Date of Award

12-21-2016

Degree Type

Thesis

Degree Name

Medical Dosimetry (M.S.)

Department

Health Professions

First Advisor

Teri Bacon-Baguley

Second Advisor

Claudia Leiras

Third Advisor

Scott Green

Fourth Advisor

Murshed Khadija

Abstract

Cancer of the prostate is the second most common cancer among American males. The prostate is small gland, located in the pelvis, posterior to the bladder and anterior/inferior to the rectum. Due to this location when irradiating the prostate the normal tissue organs at risk are the bladder and rectum. Negative effects seen when these structures are irradiated can include; bladder stricture, dysuria, hematuria, diarrhea, rectal bleeding, and proctitis.

In order to eliminate or reduce these negative effects more precise and accurate treatment techniques have been employed. Intensity Modulated Radiation Therapy (IMRT) has been successful in achieving greater precision when irradiating the prostate. IMRT has increased precision while sparing dose to the organs at risk (OAR) of the bladder and rectum allowing for current dose recommendations to be in excess of 75 Gray (Gy). Improvements in accuracy have been most notably achieved with the use of computerized tomography (CT) for treatment planning as well as treatment machine base cone beam CT (CBCT) used for alignment.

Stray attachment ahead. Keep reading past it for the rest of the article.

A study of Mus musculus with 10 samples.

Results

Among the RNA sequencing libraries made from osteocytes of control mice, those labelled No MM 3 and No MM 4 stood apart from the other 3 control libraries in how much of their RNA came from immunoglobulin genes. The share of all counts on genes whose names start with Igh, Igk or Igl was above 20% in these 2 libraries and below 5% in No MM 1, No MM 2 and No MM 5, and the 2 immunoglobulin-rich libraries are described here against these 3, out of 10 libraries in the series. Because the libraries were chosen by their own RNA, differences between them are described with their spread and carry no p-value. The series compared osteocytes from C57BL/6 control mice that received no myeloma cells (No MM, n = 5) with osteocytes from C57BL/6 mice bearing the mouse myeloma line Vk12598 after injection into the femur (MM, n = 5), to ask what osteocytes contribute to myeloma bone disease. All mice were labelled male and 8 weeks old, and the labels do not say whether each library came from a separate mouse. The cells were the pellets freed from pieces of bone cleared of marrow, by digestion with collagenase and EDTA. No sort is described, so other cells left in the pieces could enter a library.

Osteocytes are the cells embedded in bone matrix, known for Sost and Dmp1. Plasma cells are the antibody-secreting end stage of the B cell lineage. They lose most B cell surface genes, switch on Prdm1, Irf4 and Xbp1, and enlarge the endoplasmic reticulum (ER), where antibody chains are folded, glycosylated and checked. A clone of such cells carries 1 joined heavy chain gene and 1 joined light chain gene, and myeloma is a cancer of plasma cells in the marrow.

The function of the bladder and rectum can cause either to be more or less full, thus changing these structures volume. Improvements have been made in both precision and accuracy however, volume based adjustments to daily treatments have not been evaluated. This project aims to use a paired sample case control study design to link daily changes in volumes to the need for re-optimization for that patient’s treatment. Daily volumes to the target (prostate and/or seminal vessels and/or lymph nodes) and the organs at risk (OAR) of the bladder and rectum will be compared to those from planning. Using the current location, volume, and density of these organs, a more accurate estimation of absorbed daily dose by treatment planning software may result.

The results illustrate re-contouring of the bladder and rectum, using daily CBCT, will indicate a change in volume, thus suggesting a change in the dose delivered to these OAR. While, re-optimization was indicated to account for dose changes in OAR, of larger concern, reoptimization was also indicated to account for dose changes in the PTV.